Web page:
Collaborative Divorce is an option for couples who wish to terminate their marriage without going to court. The process of coming to an agreement about all of the many issues decided in a divorce is accomplished with the assistance of attorneys, financial neutrals, mental health coaches, and/or other experts depending on the necessities of the parties. In a Collaborative Divorce, the parties and professionals sign a Collaborative Participation agreement at the outset to work together, with all of the cards on the table, to resolve all of aspects of their marriage without going to a judge to make the decision. This form of alternative dispute resolution has many benefits.
- Collaborative Divorce is Less Expensive.
While working with attorneys and other professionals to resolve the details of the Collaborative Divorce comes with a price tag, it generally is far less expensive than a divorce that goes through the trial process. Court rules and procedures, mandatory appearances, forms and filings all cost money, and, if it goes to trial, there is the loss of time spent in court for the trial as well as the cost of the attorneys and cost of expert witnesses. In addition, after spending all these sums, there is no guarantee that one will get the outcome they desire. Instead of spending the marital estate assets on an expensive trial, a Collaborative Divorce allows the parties to preserve more their resources while working toward an agreed upon resolution.
- Collaborative Agreements Tend to be Stronger
Agreements reached in the Collaborative Process are typically more durable as the parties have retained control, and they have had a hand in restructuring their family. Further, if disputes arise in the future, parties who have worked in the collaborative process have gained skills that allow them to resolve conflict on their own and/or they return to the collaborative process to address the new issue.
- Litigation is Adversarial
Emotions run high at the end of a marriage, and litigation does not help. By its very nature, litigation assumes that the parties cannot agree to the terms of the divorce. Going before a Judge to have her decide the terms and conditions of the divorce presupposes that each side will be arguing for a different outcome. The rules of court and the procedures leading up to and including a divorce trial tend to escalate tensions and increase the parties’ alienation from one another. On the other hand, Collaborative Divorce focuses on the parties working together with their attorneys and collaborative professionals to craft an agreement resolving their differences outside of court. Avoiding the combative nature of litigation is particularly important where there are children involved, as children adjust to their parents’ separation and divorce more readily and more positively when the parents’ conflict is lower. An ugly trial that involves traded insults and accusations will do nothing to help future interactions.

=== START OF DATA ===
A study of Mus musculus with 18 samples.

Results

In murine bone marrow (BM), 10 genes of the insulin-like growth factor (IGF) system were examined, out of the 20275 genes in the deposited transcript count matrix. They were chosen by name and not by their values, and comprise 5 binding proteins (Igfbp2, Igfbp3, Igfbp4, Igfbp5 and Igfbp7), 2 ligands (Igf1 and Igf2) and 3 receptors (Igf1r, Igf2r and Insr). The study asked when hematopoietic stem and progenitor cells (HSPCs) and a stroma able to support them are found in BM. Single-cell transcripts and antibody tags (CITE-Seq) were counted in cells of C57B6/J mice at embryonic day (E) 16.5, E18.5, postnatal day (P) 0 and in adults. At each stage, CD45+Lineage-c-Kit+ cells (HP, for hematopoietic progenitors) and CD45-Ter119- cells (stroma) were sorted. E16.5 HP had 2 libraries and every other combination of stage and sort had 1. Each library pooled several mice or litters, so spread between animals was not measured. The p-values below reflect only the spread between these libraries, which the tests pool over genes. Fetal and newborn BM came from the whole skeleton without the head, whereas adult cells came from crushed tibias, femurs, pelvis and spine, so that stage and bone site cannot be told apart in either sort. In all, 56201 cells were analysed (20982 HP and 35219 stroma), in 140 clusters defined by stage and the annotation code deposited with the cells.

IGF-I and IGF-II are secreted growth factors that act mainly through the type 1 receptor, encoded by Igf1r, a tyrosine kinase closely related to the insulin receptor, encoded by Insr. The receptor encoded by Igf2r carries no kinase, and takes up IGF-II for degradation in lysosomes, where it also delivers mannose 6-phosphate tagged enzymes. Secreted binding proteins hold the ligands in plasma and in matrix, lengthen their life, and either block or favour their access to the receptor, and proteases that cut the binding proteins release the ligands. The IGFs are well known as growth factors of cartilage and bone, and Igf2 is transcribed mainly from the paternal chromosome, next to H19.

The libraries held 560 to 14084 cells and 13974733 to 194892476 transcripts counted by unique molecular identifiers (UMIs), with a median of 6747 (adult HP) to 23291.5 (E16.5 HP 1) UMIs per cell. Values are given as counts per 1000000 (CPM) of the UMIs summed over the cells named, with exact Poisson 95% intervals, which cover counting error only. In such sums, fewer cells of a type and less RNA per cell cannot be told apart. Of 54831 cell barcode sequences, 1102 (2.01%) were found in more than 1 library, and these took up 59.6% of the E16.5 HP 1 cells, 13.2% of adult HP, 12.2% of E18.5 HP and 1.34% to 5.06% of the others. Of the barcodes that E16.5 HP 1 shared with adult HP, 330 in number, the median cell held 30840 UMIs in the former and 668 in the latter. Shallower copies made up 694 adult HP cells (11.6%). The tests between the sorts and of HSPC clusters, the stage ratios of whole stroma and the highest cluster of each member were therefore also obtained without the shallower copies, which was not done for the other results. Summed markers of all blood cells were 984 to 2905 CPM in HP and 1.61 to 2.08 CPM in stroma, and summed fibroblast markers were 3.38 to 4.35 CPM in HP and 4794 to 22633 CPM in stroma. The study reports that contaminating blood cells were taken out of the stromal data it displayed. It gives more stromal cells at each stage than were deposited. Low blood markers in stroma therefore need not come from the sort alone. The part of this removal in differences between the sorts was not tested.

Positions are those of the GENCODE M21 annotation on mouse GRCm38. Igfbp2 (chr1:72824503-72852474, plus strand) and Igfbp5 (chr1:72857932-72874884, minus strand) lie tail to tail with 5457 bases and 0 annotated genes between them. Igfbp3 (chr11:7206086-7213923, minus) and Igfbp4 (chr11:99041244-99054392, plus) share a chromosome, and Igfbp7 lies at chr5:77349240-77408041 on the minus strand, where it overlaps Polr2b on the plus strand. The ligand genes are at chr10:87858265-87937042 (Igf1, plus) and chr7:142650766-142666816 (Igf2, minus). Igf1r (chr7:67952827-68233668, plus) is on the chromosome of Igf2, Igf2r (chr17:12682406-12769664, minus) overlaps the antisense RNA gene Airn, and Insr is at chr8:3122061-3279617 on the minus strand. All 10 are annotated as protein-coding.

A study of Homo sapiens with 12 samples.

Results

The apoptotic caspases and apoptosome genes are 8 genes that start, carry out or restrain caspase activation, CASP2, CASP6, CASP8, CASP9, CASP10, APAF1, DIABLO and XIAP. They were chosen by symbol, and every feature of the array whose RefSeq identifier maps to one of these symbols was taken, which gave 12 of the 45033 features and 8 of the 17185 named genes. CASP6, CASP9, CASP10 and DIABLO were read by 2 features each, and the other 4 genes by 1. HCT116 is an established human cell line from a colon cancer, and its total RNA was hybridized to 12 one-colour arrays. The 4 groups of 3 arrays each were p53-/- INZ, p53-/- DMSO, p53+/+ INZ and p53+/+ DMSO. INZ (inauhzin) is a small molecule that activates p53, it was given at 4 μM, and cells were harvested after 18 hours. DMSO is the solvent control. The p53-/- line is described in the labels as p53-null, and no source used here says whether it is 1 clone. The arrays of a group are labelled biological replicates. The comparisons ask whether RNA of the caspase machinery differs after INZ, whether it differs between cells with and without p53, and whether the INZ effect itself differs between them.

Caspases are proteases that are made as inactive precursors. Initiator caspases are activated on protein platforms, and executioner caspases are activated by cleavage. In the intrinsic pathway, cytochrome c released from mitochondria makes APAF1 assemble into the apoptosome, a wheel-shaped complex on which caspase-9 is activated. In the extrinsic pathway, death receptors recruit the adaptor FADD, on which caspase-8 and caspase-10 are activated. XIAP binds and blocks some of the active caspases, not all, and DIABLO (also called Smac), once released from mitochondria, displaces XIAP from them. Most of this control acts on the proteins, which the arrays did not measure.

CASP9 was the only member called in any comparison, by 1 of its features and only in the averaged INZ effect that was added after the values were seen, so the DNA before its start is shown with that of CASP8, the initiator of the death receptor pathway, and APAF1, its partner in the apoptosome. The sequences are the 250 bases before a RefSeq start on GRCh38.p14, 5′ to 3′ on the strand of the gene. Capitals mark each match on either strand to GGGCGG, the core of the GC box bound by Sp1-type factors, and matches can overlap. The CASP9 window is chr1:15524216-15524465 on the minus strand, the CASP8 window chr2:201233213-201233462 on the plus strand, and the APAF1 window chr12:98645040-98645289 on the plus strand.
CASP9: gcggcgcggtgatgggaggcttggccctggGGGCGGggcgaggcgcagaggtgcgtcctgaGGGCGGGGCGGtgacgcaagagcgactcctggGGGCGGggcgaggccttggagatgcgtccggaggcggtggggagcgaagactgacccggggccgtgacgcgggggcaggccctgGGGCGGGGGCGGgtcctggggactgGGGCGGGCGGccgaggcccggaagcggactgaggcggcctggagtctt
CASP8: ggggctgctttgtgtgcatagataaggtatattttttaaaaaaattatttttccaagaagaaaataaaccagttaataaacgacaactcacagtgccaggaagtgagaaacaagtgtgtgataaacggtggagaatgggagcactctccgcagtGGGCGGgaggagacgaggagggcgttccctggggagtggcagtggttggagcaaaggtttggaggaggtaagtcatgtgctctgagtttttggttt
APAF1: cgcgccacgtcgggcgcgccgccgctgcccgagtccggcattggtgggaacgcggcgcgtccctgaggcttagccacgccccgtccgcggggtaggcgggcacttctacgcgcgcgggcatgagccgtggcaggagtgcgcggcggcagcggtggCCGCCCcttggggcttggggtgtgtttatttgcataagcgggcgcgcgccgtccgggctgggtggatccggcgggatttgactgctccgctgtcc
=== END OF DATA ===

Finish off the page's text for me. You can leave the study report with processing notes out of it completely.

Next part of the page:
- Satisfactory Outcomes
When a Judge makes decisions in a divorce trial, each side has had the opportunity to advocate for certain outcomes, but ultimate control lies with the Judge. In a Collaborative Divorce, the parties exercise self-determination. The process specifically aims to allow each party to have a voice in the ultimate agreement. By encouraging this level of involvement in resolving the issues, a Collaborative Divorce empowers each party, which is more likely to lead to resolutions of conflicts that satisfy both parties. Of course, when compromises need to be made, neither side may feel like they “won”, but they will feel greater satisfaction than an outright loss on the issue which is the risk when going to court.
Collaborative Divorce is a commitment by both parties to work to reach a mutually acceptable Agreement premised on transparency. Divorce is almost always a major life event for everyone involved. With Collaborative Divorce, the goal is for both parties to start the next chapters of their lives as securely as possible – financially, physically, mentally, and emotionally. Collaborative Divorce is not a quick and easy fix, but the benefits of collaborating are many, so it is well worth considering it as a better way to get a divorce.